Computerized CBT effective for primary care patients with depression, anxiety
PHILADELPHIA — Primary care patients with depression and anxiety symptoms utilized and benefited from a computerized cognitive behavioral therapy program, according to data presented at the Anxiety and Depression Association of America annual conference.
“Numerous trials have demonstrated the effectiveness of collaborative care strategies at treating depressed and anxious primary care patients, yet providing expedient access to psychotherapy within this setting remains challenging,” Bea Herbeck Belnap, PhD, of the University of Pittsburgh School of Medicine, and colleagues wrote. “Internet-delivered computerized CBT programs could overcome this impediment, but studies have not evaluated the effectiveness of this treatment that can be conveniently provided 24/7 within the context of a collaborative care program.”
Researchers randomly assigned 603 primary care patients with symptoms of depression and anxiety to computerized CBT, which consisted of eight 50-minute sessions over 6 months. Study participants completed 5.3 sessions on average.
White participants were more likely to complete all computerized CBT sessions than nonwhite participants (33% vs. 23%; P = .02). However, completion rates were similar by gender, age, educational level, baseline working status and symptom severity.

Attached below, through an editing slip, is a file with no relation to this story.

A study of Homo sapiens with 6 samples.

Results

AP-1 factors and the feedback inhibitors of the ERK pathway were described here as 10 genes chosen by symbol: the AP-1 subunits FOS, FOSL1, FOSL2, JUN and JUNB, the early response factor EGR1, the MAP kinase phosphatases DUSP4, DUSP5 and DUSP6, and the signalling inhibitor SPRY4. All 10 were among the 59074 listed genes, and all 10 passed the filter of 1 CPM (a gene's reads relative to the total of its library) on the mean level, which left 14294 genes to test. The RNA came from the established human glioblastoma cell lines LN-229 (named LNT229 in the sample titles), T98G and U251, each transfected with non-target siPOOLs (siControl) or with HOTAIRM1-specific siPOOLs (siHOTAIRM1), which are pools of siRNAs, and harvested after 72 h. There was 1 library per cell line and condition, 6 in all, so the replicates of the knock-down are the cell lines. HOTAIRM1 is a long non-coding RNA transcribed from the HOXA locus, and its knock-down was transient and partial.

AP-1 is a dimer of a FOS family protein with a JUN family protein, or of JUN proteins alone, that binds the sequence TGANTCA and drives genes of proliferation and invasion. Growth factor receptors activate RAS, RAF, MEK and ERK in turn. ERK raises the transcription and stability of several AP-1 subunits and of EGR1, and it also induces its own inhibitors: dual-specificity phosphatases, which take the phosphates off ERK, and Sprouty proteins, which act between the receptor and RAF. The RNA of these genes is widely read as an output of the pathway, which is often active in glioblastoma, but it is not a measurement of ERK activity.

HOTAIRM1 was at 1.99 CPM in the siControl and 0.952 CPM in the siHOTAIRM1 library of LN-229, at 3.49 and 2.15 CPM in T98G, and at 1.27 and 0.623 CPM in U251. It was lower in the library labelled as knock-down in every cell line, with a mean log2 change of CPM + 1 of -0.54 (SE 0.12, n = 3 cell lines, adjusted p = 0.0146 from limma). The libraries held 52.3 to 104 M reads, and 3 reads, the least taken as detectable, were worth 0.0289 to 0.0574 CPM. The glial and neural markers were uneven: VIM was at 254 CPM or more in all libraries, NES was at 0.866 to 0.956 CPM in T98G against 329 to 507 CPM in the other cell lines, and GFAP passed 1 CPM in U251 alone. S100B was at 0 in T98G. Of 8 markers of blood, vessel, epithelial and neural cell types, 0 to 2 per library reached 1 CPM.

Participants who completed all sessions reported mean decreases of 5.8 in Patient Health Questionnaire-9 scores and 5.7 in Generalized Anxiety Disorder-7 scores, regardless of sociodemographic subgroup.
Sixty-five percent of participants who received computerized CBT reported at least a 50% decline symptoms from baseline.
“Depressed and anxious primary care patients will engage with and benefit from use of a [computerized CBT] program provided within the context of a collaborative care strategy,” the researchers wrote.
Updated data will be presented in fall 2016, according to researchers. – by Amanda Oldt
Herbeck Belnap B, et al. Depressed and anxious primary care patients’ use of an Internet-delivered computerized cognitive-therapy program delivered via a collaborative care program. Presented at: Anxiety and Depression Association of America Conference; March 31-April 3, 2016; Philadelphia.